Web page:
Tuesday, 14 December 2010

DoH sucks

The usual excuses are pouring forth from our city health department about why they chose to revert to an early ‘80s-style HIV scare campaign to reawaken concern about getting infected. ‘I am completely comfortable with what we put out here’, intoned one Monica Sweeney of the HIV prevention unit in response to the chorus of indignation from community agencies and many HIV-positive individuals. Well, as long as you’re comfortable, Monica, that’s what’s important.

This is reality, she also reminded us, referring to the images of young guys suffering bone degeneration, getting soft in the head from dementia and a full litany of AIDS horrors. So since it’s ‘true’, we can’t criticize the communicational aspects. It’s as if the department pines for the old days when guys got really sick—that sure got everyone’s attention!

I sympathize with the health bureaucrats who have to deal with the steadily growing cost of treating tens of thousands of New Yorkers with expensive medications while the roster of the newly infected continues to grow. Precautions in the sexual arena haven’t gone out the window, but I can attest to the existence of a large hope-for-the-best gay subculture where caution is no longer the default position. I applaud the concern and the interest in understanding how this shift came about.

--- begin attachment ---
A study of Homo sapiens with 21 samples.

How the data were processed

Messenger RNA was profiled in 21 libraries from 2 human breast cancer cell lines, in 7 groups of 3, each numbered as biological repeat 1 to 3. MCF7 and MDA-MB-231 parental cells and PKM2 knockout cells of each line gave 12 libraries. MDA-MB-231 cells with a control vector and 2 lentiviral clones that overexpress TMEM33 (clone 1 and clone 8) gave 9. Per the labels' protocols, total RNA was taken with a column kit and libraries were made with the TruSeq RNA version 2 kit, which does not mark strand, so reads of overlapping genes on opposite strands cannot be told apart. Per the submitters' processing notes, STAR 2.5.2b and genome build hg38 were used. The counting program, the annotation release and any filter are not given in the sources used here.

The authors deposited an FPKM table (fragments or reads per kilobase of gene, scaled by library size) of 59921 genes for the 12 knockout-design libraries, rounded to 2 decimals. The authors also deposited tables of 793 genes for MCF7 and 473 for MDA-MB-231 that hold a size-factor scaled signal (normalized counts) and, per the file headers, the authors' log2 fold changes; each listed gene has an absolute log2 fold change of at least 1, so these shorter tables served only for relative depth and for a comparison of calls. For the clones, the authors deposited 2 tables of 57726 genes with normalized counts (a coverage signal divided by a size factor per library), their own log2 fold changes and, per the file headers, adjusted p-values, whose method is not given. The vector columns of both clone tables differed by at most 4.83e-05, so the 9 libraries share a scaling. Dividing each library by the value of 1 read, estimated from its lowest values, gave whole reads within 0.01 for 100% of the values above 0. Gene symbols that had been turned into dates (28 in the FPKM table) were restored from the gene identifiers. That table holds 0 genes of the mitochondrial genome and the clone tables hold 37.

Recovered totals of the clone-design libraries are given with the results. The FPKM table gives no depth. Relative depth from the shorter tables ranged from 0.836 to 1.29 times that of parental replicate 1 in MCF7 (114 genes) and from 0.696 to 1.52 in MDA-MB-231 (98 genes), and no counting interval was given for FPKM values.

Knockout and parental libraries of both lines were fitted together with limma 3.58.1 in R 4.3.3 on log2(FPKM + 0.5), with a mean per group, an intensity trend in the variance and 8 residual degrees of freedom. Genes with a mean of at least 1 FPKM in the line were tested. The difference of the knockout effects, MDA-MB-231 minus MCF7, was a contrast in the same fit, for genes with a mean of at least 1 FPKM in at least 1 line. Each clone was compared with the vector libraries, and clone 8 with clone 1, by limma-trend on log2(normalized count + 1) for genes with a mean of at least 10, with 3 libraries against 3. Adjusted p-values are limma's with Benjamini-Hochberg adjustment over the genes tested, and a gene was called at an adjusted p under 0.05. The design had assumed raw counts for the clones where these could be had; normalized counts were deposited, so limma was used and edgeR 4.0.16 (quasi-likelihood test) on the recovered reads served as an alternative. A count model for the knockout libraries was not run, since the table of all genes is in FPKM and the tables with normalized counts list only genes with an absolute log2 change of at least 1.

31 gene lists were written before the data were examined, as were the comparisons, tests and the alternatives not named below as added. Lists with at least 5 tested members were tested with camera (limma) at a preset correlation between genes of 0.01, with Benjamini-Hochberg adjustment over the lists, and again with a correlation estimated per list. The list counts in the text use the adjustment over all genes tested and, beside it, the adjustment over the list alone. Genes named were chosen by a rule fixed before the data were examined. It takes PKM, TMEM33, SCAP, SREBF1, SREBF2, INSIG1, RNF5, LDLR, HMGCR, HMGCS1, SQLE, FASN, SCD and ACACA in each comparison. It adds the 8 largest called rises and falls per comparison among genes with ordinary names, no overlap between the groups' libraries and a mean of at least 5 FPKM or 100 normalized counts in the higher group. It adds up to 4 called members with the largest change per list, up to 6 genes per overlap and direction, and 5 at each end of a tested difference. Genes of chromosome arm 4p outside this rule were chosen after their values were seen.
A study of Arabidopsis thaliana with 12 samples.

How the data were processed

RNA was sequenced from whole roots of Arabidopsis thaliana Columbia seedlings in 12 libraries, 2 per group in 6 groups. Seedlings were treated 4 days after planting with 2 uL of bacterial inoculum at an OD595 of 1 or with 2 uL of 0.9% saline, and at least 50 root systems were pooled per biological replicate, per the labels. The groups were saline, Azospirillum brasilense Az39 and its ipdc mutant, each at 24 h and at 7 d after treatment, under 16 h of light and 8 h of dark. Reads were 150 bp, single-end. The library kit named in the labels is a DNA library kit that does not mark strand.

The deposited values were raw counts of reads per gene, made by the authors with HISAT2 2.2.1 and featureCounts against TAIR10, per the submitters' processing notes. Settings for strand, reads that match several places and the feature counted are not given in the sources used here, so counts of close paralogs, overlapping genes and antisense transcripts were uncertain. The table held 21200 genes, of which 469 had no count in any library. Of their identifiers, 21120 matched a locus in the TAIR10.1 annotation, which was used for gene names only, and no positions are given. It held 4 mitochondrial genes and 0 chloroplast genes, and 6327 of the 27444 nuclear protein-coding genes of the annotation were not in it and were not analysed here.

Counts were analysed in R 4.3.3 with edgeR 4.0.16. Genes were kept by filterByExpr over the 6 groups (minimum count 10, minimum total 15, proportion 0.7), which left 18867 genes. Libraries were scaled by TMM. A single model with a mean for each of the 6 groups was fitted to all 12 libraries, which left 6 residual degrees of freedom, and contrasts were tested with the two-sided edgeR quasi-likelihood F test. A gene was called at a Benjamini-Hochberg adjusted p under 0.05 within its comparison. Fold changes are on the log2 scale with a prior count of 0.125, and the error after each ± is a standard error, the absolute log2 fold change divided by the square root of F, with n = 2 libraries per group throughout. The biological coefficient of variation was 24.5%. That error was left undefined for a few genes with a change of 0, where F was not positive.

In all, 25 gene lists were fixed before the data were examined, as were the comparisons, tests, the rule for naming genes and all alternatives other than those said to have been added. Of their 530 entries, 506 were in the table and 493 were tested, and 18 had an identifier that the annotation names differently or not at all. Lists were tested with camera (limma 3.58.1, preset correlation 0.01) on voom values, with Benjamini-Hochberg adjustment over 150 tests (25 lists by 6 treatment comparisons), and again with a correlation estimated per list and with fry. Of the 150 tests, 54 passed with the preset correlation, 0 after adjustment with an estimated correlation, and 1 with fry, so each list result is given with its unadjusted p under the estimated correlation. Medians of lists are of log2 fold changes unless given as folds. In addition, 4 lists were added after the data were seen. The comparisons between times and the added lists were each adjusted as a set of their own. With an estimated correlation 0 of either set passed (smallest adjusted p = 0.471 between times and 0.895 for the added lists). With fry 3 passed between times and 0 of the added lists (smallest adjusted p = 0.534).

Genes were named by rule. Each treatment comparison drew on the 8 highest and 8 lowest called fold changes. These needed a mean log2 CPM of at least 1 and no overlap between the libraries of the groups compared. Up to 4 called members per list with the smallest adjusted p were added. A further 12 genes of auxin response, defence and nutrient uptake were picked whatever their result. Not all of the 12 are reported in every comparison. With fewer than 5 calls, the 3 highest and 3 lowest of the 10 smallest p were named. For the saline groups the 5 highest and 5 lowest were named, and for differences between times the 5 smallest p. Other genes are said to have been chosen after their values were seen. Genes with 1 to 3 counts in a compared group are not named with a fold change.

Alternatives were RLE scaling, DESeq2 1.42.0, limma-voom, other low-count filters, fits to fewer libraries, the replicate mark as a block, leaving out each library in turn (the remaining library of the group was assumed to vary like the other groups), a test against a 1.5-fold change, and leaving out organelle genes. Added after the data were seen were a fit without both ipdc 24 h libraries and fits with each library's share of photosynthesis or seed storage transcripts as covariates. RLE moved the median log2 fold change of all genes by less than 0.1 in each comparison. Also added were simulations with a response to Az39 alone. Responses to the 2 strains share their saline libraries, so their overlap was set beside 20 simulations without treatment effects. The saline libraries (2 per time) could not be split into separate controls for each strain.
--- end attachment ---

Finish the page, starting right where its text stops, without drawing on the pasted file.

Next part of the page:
But it’s another sign of our creepily reactionary times that the department is taking this step backward without even consulting its supposed community ‘partners’. Sure, they held focus groups where, predictably, participants will react to sensational images that ‘they’—meaning those other guys who run risks—should be forced to see.

But the campaign will backfire in one important way: it will reinforce the current sexual apartheid that exists in gay circles here wherein guys no longer adopt universal precautions to avoid HIV infection but simply avoid anyone suspected to be HIV-positive. The hook-up ads are full of demands for ‘ddf’, meaning ‘drug and disease free’ for prospective partners—that means, don’t have HIV if you want to get laid.

The obvious implication is that once you assure me that you don’t have the virus, we can then screw merrily without tiresome old condoms. But this, in a city where one in five gay men is already HIV-infected, is not exactly a winning strategy. The health department’s ads will reinforce this dangerous trend by deepening the fear of the disease without illuminating the gratifying psychological tricks guys play on themselves in pursuit of intimacy and sexual satisfaction.

And the HIV-positive return to their old pariah status—stay away, you can’t be loved. That will certainly encourage responsible behavior.

One can’t be too surprised by this strange relapse from a city bureaucracy run by the monarchy of money. Bloomberg’s team may be encouraged to think it can and should apply the same techniques to HIV that were used in the city’s anti-smoking campaign: graphic imagery and heavy restrictions on behavior like smoke-free bars.

But sex ain’t in the same ballpark, and one doesn’t say goodbye to HIV like an ex-smoker putting down the cigarette pack. Would the city try to combat obesity by putting pictures of fat people on TV and showing how gross their lives are?